The Internet is coming to be seen as the latest creation of human ingenuity to extent the reach of human powers and desire which has been central to the era of modernism beginning in the latter 19th century.
The Internet began as a government military communications project which was quickly adapted by enterprising technological companies and parts of the public such as writers and researchers to their own uses. From its beginnings as an advanced communications and research tool, the Internet before long evolved into a wide field of play for a diverse, worldwide population to keep in touch with friends and relatives and find new friends, marketplace for all types of products, means for all sorts of publishing from brief blogs posts to novels and poems to continually-growing databases. The involvement of masses of a worldwide population changed the nature of the Internet from its beginnings as a practical tool devised for limited purposes mainly in communication to a phenomenon which was changing both the psychology of individuals and many domestic societies and global society.
Now that the basic practical issues of communication and commerce have been worked out and numberless individuals instinctively turn to and rely on the Internet for maintaining family and social relations, education, news, scheduling their lives, and shopping, speculation about other dimensions of the Internet are being given serious consideration by the avant garde of the technorati.
Jaron Lanier, the Internet visionary and critic, wrote in an essay “The First Church of Robotics” about the view being promulgated by Singularity University that it will not be long before “the Internet will suddenly coalesce into a super-intelligent A. I.” The growing number of of entries–already vast–will reach a point of synergy whereby the Internet takes on a life of its own. As Lanier points out, no one knows if this will be to the good or ill for Humankind. Whether this actually happens is not the point here though. The point here is that individuals seeped in the activity and potential of the Internet are already looking at it as a superhuman phenomenon. Whereas in earlier phases of modernism and subsequent postmodernism, the concept of prosthetics was seen as extending humanity’s powers and helping to fulfill its desires, the Internet–a human creation–is now being seen as a superhuman phenomenon. As some see it, the Internet “will become alive in the blink of an eye, and take over the world before humans even realize what’s happening,” Lanier writes.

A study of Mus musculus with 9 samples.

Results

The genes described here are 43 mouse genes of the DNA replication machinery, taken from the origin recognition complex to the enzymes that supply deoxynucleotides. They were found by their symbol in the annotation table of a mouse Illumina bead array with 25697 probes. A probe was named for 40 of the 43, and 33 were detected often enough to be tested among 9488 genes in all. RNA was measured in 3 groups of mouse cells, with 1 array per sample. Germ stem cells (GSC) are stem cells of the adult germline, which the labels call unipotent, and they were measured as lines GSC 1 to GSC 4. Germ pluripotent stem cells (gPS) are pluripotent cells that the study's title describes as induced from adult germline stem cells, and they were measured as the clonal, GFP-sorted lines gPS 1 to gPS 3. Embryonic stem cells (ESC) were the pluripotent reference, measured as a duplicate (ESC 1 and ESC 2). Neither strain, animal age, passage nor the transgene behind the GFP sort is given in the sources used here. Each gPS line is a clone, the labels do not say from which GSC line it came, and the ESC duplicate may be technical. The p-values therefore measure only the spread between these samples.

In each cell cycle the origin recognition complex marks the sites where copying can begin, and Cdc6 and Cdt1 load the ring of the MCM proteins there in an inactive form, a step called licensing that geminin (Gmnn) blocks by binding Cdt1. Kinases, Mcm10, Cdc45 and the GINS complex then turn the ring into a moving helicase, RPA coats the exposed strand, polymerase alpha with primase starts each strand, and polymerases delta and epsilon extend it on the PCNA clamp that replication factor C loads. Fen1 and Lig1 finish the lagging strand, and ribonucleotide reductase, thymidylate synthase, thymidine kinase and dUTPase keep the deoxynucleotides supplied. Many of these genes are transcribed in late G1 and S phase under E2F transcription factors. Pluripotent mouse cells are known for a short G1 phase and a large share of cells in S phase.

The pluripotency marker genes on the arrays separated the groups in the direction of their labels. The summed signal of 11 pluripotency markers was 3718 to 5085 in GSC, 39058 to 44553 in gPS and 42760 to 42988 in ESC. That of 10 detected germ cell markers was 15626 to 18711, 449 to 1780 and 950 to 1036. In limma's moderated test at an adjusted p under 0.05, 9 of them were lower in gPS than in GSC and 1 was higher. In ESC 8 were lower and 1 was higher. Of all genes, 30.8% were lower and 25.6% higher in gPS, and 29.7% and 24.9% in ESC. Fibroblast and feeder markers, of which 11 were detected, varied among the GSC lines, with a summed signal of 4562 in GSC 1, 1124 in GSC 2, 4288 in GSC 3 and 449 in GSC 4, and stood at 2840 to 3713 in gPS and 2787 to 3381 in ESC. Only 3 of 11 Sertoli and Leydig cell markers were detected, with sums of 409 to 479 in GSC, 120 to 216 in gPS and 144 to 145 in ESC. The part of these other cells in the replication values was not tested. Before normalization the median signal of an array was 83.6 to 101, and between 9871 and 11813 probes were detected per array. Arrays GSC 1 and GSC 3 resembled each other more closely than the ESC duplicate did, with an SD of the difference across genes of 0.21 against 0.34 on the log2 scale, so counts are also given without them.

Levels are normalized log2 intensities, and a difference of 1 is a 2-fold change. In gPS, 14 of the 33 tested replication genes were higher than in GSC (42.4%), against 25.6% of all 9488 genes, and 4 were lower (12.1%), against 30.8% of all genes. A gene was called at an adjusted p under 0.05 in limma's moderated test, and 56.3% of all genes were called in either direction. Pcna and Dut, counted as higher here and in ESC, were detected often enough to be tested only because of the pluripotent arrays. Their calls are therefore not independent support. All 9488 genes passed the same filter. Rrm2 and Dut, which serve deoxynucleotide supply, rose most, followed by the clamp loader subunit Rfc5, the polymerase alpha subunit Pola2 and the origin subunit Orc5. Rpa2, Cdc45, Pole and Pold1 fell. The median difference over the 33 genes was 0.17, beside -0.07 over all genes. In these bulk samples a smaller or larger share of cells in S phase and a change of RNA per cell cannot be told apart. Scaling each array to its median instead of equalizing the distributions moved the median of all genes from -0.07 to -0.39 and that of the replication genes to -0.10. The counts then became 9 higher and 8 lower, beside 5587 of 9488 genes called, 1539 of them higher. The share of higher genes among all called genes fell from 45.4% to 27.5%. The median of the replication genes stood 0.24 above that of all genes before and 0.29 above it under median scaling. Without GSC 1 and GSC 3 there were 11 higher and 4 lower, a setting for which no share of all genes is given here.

This aspiration articulated by members of parts of the technorati about the volume of images and text of the Internet is like a latter-day Tower of Babel. As the Tower of Babel was meant to bring Humankind to the adobe of Divinity by reaching into the sky with a tower taking into it all the diverse, far-flung voices of Humankind, so is the Internet seen as a creation assimilating all voices to become the omniscience and infinitude of Divinity. “Let there be Light, said God; and there was Light.” Where now some believe the Internet will become “alive in the blink of an eye”.
Like the Tower of Babel, the Internet is seen as the unique, incomparable, ingenious reflection of humanity’s highest hopes and deepest fears–the hope of concert with Divinity, the fear that this is otherwise impossible. The Internet differs from the Tower of Babel however in that the Tower of Babel was seen as a human creation meant to bring Humankind into proximity with God; whereas the Internet is seen as a creation which will in the “blink of an eye” become the essence of God. This view of the Internet goes with the Promethean hubris of modernism. (Skyscrapers and Mars’ landings are other outcroppings of this hubris in the course of modernism.) With this hubris comes the dissolution of boundaries (e. g., globalism)–so that now the boundary between Humankind and Divinity is dissolved in the view of the Internet as both autonomous and accessible. Adherents are in awe of its autonomy, and have a reverential gratitude for its accessibility. The Internet has reached a point where it is being regarded and interacted with by many as a locus for religious experiences, beliefs, and hopes.